UN 'concerned' about Palestinian detainees, hunger-strikers

A United Nations official on Wednesday expressed concern about the wellbeing of Palestinian detainees in Israeli prisons and in particular about the condition of hunger striker Samer Issawi.

A UN statement said that Humanitarian Coordinator James W. Rawley met in the West bank city of Ramallah with Palestinian prisoner affairs minister Issa Qaraqe, where Rawley "expressed the United Nations' continued concern about Palestinian detainees in Israeli custody."

"They discussed the situation of four Palestinian detainees currently on hunger strike and, in particular, the critical health condition of one Palestinian detainee, Samer Issawi, who has been on hunger strike for more than 200 days," it said.

Palestinian prisoner support group Adameer says six prisoners held by Israel are currently on hunger strike.

The longest serving are Issawi and Ayman Sharawneh who have been fasting for months to demand their release from imprisonment without trial.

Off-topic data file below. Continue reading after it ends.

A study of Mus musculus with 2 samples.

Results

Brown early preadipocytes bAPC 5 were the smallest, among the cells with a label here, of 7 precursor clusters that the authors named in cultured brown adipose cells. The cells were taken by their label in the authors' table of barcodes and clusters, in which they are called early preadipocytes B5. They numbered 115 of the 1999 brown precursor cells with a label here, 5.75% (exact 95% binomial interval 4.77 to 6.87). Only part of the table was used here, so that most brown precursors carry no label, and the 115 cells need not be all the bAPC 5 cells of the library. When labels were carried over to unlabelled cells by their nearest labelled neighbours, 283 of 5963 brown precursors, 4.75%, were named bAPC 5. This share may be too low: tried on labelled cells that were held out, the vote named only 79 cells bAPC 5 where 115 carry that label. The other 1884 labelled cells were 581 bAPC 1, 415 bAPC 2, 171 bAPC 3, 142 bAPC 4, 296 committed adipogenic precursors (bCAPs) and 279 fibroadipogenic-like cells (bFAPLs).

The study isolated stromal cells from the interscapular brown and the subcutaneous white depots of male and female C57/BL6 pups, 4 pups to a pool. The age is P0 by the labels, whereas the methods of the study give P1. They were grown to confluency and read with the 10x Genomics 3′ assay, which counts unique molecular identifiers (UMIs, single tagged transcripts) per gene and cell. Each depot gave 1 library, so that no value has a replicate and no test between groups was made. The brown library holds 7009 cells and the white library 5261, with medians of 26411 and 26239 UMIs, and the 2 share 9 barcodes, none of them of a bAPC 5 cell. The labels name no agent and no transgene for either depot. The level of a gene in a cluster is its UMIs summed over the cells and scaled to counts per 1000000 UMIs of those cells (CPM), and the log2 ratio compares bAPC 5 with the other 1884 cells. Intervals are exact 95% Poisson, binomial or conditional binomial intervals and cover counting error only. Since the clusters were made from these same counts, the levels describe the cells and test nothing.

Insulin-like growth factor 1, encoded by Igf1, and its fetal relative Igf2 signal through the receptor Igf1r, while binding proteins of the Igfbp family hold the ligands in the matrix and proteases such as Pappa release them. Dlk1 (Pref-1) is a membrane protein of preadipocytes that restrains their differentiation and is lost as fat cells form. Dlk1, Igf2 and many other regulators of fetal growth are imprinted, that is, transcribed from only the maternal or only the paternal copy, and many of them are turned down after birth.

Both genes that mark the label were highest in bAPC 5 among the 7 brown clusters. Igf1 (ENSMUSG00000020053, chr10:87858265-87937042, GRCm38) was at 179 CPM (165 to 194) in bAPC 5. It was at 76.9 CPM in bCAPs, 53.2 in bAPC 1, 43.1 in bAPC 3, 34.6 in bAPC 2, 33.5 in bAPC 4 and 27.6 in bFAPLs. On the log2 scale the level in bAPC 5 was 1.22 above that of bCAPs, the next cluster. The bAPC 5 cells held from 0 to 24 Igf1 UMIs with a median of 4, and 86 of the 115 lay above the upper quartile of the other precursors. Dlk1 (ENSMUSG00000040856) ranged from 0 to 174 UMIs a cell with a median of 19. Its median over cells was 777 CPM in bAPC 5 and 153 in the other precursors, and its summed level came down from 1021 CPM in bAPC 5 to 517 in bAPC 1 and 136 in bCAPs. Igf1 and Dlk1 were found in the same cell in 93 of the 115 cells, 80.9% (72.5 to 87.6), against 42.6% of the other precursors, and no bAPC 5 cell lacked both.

Under what Israel calls "administrative detention," suspects can be imprisoned without trial by order of a military court.

The order can be renewed indefinitely for six months at a time.

Rawley called for an end to the practise.

"The Humanitarian Coordinator reiterated the position of the United Nations Secretary-General, namely that those detained should be charged and face trial with judicial guarantees in accordance with international standards, or released without delay," the statement said.

Last year, between 1,600 and 2,000 Palestinian prisoners in Israel took part in a collective hunger strike which ended with an agreement with prison administrators on May 14.

One of their main demands was the release of administrative detainees.